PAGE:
French director Jean-Jacques Annaud on Tuesday unveiled his plans to film the screen adaptation of the award-winning best-seller "Wolf Totem" in China, his first project in the giant Asian nation.
Annaud, best known for films such as "Two Brothers", "The Bear", "The Lover" and "The Name of the Rose", just returned from Inner Mongolia and Mongolia proper, where he scouted film sites with the book's author Jiang Rong.
"Wolf Totem", which won the Asian equivalent of the Booker Prize in 2007, is a fictional account of life in the 1970s in the remote China-Mongolia border region, and the struggle between tradition and modernity.
"My interest in the relationship between humans and animals is magnificently described by this book," Annaud told reporters.
"It's the story of a young man who discovers a civilisation -- that has been the theme in many of my films."
The novel has been a massive hit in China, with more than 2.6 million official copies -- and more than 17 million pirated copies -- sold since 2004. The book has been translated into several foreign languages including English.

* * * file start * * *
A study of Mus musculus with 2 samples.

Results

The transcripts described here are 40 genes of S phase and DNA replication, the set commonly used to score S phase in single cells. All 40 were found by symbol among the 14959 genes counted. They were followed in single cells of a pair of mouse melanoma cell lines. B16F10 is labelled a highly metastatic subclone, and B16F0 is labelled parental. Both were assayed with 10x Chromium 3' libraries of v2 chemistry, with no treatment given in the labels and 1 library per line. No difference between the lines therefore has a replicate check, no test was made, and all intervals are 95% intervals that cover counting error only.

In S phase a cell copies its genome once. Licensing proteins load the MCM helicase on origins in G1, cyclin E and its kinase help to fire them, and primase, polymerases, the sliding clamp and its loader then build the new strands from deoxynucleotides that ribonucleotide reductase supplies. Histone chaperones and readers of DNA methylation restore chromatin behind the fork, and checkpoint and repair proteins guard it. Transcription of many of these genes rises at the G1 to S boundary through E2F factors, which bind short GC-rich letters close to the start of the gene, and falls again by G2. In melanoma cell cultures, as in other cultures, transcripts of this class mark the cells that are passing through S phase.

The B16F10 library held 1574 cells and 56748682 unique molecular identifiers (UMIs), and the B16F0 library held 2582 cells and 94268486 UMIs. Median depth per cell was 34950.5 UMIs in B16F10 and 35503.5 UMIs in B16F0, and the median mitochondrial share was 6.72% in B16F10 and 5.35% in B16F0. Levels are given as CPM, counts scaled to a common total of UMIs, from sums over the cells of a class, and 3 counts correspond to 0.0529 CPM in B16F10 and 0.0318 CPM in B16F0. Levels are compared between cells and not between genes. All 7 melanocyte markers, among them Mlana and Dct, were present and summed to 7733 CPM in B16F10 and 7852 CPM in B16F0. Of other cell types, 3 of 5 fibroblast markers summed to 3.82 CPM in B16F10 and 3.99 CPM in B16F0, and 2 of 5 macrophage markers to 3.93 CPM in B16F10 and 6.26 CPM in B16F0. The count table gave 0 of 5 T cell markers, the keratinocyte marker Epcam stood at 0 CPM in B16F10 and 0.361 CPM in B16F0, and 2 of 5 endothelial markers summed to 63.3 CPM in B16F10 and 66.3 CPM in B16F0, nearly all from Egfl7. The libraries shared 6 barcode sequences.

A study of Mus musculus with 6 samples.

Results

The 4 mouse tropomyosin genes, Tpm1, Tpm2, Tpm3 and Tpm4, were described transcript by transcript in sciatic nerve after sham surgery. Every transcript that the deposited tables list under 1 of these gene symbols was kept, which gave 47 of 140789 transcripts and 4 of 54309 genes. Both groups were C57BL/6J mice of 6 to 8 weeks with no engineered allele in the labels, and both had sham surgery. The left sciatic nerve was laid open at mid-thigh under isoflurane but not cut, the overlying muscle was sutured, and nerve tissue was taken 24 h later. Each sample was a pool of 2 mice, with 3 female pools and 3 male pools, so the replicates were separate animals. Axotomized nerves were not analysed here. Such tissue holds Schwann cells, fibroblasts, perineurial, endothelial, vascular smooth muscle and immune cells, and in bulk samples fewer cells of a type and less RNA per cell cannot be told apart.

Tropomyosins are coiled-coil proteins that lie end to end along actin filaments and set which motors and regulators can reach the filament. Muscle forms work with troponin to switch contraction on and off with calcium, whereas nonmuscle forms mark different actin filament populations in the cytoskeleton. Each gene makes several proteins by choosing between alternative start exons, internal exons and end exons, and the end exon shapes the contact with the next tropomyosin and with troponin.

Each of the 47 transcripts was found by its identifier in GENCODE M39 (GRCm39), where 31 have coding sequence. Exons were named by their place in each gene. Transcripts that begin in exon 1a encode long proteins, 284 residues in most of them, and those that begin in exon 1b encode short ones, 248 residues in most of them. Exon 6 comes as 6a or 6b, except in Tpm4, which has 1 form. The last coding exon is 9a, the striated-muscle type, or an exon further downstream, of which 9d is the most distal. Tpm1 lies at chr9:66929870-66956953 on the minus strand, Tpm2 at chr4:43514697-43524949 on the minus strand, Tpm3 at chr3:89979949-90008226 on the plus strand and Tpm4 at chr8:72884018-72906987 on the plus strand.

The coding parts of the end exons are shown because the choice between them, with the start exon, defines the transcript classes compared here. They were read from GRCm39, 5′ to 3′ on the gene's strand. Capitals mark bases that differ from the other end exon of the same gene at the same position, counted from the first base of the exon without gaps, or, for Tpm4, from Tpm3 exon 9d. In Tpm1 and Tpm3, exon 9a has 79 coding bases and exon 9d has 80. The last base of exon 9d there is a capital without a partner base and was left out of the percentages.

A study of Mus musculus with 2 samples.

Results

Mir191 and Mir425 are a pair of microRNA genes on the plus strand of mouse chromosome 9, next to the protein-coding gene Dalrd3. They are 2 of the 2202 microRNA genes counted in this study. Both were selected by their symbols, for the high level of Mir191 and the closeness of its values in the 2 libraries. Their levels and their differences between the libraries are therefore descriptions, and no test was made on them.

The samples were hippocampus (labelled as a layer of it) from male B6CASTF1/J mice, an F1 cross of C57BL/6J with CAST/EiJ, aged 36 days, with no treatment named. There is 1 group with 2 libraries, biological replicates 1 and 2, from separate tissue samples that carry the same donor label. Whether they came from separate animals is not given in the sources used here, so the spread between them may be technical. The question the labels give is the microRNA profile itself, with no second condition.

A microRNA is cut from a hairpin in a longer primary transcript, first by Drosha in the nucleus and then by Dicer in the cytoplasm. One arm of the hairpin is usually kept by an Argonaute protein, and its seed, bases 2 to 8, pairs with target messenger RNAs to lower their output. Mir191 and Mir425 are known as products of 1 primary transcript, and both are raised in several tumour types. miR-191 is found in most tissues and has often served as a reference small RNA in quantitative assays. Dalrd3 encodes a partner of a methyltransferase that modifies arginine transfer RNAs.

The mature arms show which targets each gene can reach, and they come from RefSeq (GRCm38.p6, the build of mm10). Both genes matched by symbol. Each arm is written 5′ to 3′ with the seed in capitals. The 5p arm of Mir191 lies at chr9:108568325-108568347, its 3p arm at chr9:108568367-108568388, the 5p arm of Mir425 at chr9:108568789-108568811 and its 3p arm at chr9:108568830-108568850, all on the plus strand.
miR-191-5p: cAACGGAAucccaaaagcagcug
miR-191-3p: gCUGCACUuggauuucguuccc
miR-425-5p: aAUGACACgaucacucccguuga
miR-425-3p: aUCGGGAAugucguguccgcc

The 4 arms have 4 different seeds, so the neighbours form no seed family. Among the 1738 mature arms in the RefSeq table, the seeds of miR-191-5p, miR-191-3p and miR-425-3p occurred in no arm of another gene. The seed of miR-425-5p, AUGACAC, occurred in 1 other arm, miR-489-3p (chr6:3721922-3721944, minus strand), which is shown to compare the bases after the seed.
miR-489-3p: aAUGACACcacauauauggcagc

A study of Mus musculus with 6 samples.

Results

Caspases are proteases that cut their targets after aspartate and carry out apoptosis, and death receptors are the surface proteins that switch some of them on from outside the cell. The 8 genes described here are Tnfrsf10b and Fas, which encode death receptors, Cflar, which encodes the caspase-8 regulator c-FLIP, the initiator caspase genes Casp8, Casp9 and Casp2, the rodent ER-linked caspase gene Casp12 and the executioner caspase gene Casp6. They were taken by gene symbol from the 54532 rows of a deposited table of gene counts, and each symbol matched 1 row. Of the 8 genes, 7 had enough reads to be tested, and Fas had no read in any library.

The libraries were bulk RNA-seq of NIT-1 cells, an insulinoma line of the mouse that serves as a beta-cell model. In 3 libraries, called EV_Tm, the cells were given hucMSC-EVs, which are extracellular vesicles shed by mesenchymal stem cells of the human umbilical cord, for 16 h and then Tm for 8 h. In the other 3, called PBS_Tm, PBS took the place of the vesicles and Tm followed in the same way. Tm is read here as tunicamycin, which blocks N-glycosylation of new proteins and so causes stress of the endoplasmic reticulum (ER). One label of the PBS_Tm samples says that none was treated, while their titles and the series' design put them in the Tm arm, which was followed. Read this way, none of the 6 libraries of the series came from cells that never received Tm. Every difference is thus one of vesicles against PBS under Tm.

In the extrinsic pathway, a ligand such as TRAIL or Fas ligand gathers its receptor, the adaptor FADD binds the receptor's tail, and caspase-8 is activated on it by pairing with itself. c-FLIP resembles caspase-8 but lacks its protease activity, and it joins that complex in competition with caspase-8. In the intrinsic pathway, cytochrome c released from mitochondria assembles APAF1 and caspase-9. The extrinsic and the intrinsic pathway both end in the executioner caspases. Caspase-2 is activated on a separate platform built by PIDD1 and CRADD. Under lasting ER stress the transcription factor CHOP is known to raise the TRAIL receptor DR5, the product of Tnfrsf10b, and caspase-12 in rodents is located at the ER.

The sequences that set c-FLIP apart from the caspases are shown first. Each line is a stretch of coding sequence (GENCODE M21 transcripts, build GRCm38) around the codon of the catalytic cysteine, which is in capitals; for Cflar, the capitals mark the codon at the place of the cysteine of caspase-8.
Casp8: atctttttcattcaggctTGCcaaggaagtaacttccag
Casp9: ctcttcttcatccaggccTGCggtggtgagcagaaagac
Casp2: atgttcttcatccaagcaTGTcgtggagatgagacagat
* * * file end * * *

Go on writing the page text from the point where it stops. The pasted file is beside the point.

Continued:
Jiang Rong is a pseudonym, as the author is a former Chinese political prisoner jailed for taking part in the 1989 Tiananmen pro-democracy protests.
Annaud said he was approached by a Chinese production house, Beijing Forbidden City Corp, to work on the project. He has just begun writing the script and said he hopes to begin filming in 2011.
"It's a difficult script to write, I'll need at least six months," he said.
The French filmmaker said he was looking forward to working in China, and said the criticism he received from authorities over "Seven Years in Tibet", which offered a sympathetic portrayal of the Dalai Lama, was in the past.
"I told them right away that I had done that film, but they told me that the situation had changed, that mentalities had evolved, that it was in the past," he said.